Casey Reas | play video
Together with Ben Fry, Reas started Processing—an open source computer programming language and software sketchbook—in 2001. The project began as a way to introduce computer programming and software literacy to the visual arts community. In 2012, they formed the Processing Foundation.
Reas is an artist whose software, prints, and installations have been exhibited worldwide.
He co-wrote and designed the book 10 PRINT CHR$(205.5+RND(1)); : GOTO 10, which explores how a single line of code—the extremely concise BASIC program for the Commodore 64 inscribed in the title—can be used to consider the phenomenon of creative computing. 10 PRINT was published by MIT Press in 2013.
Dmitri Siegel | play video
Siegel is a creative director, writer, and educator living in Ojai, California. He is VP of Global Brand for the music technology company Sonos, where he oversees creative, brand marketing, and brand experience. He was previously the global executive creative director for Patagonia, and the head of marketing and creative for Urban Outfitters. Take a peek at the first Sonos retail store in Surface, which Siegel describes as recreating “the experience of going over to a friend’s house.”
He writes and lectures frequently on design, technology, and digital culture. Recommended reading, Siegel’s essay "Designing Our Own Graves."
Siegel is the author of Green Patriot Posters: Images for a New Activism, which was featured in the exhibition Graphic Design: Now in Production.
Hrishikesh Hirway | play video
Lauren Mackler | play video
Curator, Graphic Designer
Mackler is a curator and graphic designer. Originally from the east coast, her practice is now based in Highland Park, Los Angeles.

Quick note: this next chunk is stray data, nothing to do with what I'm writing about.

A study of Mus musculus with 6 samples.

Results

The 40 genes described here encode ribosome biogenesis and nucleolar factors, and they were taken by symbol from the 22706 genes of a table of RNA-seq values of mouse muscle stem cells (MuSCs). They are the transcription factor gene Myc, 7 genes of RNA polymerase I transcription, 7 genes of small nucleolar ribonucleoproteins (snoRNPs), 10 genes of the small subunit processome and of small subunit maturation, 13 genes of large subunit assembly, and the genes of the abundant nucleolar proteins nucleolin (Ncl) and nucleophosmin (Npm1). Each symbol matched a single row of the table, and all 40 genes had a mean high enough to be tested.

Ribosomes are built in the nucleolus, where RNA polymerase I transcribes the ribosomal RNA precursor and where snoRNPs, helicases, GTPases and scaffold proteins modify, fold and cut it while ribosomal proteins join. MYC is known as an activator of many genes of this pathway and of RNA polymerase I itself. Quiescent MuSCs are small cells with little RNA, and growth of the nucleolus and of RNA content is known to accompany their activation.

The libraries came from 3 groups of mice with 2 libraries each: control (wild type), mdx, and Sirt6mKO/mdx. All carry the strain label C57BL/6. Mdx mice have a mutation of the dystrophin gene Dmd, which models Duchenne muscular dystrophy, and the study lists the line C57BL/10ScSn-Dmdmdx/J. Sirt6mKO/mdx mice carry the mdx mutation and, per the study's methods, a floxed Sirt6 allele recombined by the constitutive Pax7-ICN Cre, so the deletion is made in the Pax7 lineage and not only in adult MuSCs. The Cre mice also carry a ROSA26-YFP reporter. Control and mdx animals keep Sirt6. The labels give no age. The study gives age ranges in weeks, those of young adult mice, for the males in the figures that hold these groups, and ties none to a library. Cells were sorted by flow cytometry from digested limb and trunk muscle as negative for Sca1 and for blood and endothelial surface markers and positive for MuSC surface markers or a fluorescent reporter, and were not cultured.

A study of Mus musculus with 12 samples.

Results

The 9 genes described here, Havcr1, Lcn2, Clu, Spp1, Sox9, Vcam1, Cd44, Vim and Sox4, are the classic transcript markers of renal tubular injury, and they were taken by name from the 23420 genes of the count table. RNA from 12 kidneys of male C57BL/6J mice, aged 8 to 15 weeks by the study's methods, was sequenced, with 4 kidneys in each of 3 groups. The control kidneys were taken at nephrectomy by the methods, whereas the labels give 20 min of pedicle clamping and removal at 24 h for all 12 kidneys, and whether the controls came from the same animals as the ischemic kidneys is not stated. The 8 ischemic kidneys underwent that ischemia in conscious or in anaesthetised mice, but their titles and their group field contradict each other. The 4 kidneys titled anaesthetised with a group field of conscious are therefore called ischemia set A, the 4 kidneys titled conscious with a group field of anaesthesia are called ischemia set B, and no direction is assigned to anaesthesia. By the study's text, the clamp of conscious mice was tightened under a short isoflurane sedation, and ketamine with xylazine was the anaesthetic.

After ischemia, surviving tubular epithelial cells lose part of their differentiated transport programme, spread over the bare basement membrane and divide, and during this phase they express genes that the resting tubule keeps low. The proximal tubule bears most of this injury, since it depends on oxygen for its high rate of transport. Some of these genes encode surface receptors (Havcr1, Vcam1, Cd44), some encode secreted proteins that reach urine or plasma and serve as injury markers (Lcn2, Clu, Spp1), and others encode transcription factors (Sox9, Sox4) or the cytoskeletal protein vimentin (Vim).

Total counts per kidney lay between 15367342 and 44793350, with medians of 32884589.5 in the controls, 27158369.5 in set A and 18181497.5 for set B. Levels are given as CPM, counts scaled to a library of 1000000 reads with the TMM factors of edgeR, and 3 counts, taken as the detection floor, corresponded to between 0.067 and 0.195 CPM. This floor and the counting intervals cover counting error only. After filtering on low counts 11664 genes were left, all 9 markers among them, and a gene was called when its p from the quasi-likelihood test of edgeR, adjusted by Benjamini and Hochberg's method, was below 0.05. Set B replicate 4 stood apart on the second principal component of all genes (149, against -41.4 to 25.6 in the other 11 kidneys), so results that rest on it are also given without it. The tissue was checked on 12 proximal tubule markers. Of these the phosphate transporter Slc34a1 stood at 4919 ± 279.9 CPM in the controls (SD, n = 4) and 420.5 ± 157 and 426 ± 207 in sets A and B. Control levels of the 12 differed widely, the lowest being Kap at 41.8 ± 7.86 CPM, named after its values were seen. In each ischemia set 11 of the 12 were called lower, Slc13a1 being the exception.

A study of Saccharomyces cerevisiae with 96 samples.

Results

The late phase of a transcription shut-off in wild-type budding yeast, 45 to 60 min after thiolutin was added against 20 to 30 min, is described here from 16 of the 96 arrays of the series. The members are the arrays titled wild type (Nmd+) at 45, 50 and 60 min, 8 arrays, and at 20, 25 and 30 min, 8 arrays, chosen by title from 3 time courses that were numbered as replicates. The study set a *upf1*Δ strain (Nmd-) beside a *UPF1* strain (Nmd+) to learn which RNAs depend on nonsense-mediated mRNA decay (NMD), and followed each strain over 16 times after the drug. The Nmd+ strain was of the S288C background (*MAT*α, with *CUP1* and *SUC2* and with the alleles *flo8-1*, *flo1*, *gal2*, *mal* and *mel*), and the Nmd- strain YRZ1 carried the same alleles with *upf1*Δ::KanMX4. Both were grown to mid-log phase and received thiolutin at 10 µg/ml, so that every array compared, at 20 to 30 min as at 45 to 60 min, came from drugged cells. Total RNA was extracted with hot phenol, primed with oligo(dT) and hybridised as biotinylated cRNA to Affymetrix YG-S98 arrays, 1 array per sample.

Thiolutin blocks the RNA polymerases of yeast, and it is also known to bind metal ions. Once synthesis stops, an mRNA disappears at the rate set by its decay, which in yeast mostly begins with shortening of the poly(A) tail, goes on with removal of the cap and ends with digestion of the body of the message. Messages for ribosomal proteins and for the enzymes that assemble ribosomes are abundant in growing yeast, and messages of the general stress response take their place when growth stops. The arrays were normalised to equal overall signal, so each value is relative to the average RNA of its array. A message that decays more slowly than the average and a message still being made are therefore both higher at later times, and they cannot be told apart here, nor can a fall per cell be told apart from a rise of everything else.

She started Public Fiction, an exhibition space and quarterly publication in 2010. Organized around a theme or topic—This Sentence, The Middle Future, Catalogue for Lost (LA)—each Public Fiction exhibition lasts 3 months and culminates in a printed journal designed and produced by Mackler.
A recent episode of Artbound profiles new curatorial approaches at the Museum of Contemporary Art Los Angeles, and includes Public Fiction.
April Greiman | play video
Greiman operates Made in Space, a visionary design consultancy and hybrid art practice that operates at the forefront of visual communication. She moved her studio from New York to Los Angeles in the 1970s.
She was featured in Apple’s short documentary Mac 30 as a pioneering user of Macintosh technology.
Greiman co-owns and operates Miracle Manor Retreat, a hot springs motel located on the southern edge of Joshua Tree National Park—where she enjoys gardening and the desert.
Matthew Sullivan | play video
Sullivan runs the Los Angeles-based design firm AQQ; AQQ is an acronym for the Latin phrase “al que quiere” which translates roughly as “for he who wants it.”
He makes furniture and objects. With Folkert Gorter, he is working on a project called Observatory, an image streaming platform that aims to service cultural rather than social undertakings.
“We live by projection: every action is informed by confidence in our predictive abilities,” writes Sullivan on AQQ. “But there is not an aspect of any progression that remains unchanged from beginning to end.” For more, read "It’s Not Going to Play Out," Sullivan’s collection of notes on trial and error.
Guvenc Ozel | play video
Founder of Ozel Office, an LA-based interdisciplinary design firm that operates at the intersection of architecture, technology, and media.
Ozel studied architecture, sculpture, and philosophy before receiving his Master’s of Architecture from Yale University. Experience Cerebral Hut, a large-scale installation designed by Ozel Office and exhibited at the 2012 Istanbul Design Biennial.
Ozel is the Technology Director for IDEAS, an incubator for UCLA’s Department of Architecture and Urban Design.
Anne Burdick | play video
Burdick is chair of the Media Design Practices graduate program at Art Center College of Design. The program is focused on the intersection of media and technology, and offers both lab and field tracks.
With Johanna Drucker, Peter Lunenfeld, Todd Presner, and Jeffrey Schnapp, Burdick co-authored Digital_Humanities (MIT Press, 2012), and her essay “Preparing Designers for Jobs That Don’t Exist (Yet)” appears in this year’s SPAN reader.
She is design editor of the Electronic Book Review.